When I was growing up in Ulverstone in the 1950s & 60s there was a house at the bottom of South Road with the large vertebra of a whale sitting on its verandah. It was one of those childhood curiosities I longed to know more about, but over the decades it slowly faded from my memory.
Very recently I saw a photo of that very bone, posted by Craig Broadfield, administrator of the Ulverstone History FB group. It shows his great-grandfather Thomas Horsham posing with the relic before it ended up on his descendant’s front verandah.
Now thankfully these days in Tasmania people go to extraordinary lengths to rescue stranded whales. But for our pioneer ancestors the call, ‘Thar she blows’ meant a rare opportunity to earn some much needed extra money from the oil.
WHALE AHOY IN THE LEVEN
Following the stranding of another whale on the beach at West Ulverstone in 1918, an article in The Advocate recalled the 1874 capture. Here is how it unfolded.
The captains of two trading schooners, Captain Reid and Captain Burt, had unloaded their cargo and were waiting at the Leven River wharf when the great whale was spotted stranded on a spit at the entrance to the harbour.
Amid the initial excitement, both vessels sailed out, with only a couple of small knives and their 12ft paddles as weapons. Captain Reid clambered onto the creature and rather foolishly thrust his oar into its blowhole. Not surprisingly the whale ejected it, with such force that Reid was knocked off. Fortunately he fell back into his boat rather than the icy water.
TIME FOR A RE-THINK
The vessels returned to the wharf and the men reassessed the situation. All manner of hauling lines, blocks and tackle, and anchors were collected. As the winter sun went down they secured the whale as best they could, but by the next morning the giant visitor had broken free and vanished. When it reappeared to the east later that day another attempt at capture was made.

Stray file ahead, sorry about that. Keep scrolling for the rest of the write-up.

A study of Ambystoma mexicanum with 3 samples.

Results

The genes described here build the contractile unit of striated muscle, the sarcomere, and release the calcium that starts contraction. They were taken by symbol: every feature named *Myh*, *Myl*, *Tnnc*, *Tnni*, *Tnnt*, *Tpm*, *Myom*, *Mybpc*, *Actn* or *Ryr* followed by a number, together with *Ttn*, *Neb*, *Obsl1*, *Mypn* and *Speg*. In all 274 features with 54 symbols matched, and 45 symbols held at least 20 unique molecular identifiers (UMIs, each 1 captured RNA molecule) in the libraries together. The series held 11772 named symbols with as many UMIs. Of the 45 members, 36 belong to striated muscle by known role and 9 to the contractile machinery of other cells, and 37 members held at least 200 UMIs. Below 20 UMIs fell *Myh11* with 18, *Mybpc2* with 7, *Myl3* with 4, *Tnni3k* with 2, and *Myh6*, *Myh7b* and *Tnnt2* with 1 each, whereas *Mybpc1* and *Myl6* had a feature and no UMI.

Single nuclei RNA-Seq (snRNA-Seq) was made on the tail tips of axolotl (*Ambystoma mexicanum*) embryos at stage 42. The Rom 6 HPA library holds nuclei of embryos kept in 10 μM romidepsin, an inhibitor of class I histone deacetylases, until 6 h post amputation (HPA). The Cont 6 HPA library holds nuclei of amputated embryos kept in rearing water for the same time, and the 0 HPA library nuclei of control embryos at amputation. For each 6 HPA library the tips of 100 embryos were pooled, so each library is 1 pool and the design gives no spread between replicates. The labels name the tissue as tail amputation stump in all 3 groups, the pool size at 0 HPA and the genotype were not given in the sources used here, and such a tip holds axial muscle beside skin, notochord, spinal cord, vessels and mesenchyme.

Mr P. Smith, the local blacksmith, hastily fashioned a harpoon from a sythe blade fixed to a spar. It was Smith himself who acted as harpooner, and dispatched the poor creature. The carcass was measured at 97ft long and 57ft in girth. It was towed up the Leven to the wharf where beer barrels, some obtained from the neigbouring towns of Penguin and Forth, were used to float it in position.
I so love the following account published in the Launceston Examiner on August 13. It mentions the extraordinary energy required by local men to dissect the whale and boil down the blubber. The Mr Fogg mentioned was the harbour master at Ulverstone, then still referred to frequently as The Leven.
A shed had to be improvised, boilers to be secured from all directions, casks from the Don cooperage, and these required to be well steamed to make them staunch, while a day and night party were constantly at work. Mr Fogg treated all hands in a liberal manner by giving 7s 6d a day with board. Much trouble was experienced in stripping the whale for want of cutting implements, and also through inability to turn the carcass when required. A very small portion of fatty material remains on the back, which is expected to be got off tomorrow if they can succeed in giving the monster a slight lurch. About nine or ten tons of oil will be realised; there would have been more, but some has unavoidably been lost. The event caused some sensation even at the capital, for a telegram has been received from Dr. Crowther requesting that the skeleton might be preserved and he would pay all expenses.
Dr Crowther was a Hobart surgeon, and also a collector of natural history specimens.
Someone who procured a decent amount of the oil was Thomas Shaw [son of Colonel M.M. Shaw], a settler on the Castra Road who had just established a flour mill. It was said that he was still using it to light his mill a few years later.
The Leven was in the news again in September, when the small settlement’s oil supplies were boosted by the stranding of a seal. ‘The honour of this transaction belongs to Mr McDonald’s household, by whom it was detected in a rather helpless state on the Leven beach, not very far from where the whale got stranded. The animal measured eight feet in length and will yield about five gallons of oil, which in addition to the skin will cause the adventure to be, pecuniarily, a success.‘ (Launceston Examiner, September 15)
If Dr Crowther did receive the skeleton there were definitely bits missing, including the vertebra that ended up on the verandah at the bottom of South Road. It is now held in the Ulverstone Museum.
I should add that Dr Crowther had been involved in the whaling trade himself, with a fleet of ships. He was a highly controversial character. For more information, CLICK HERE.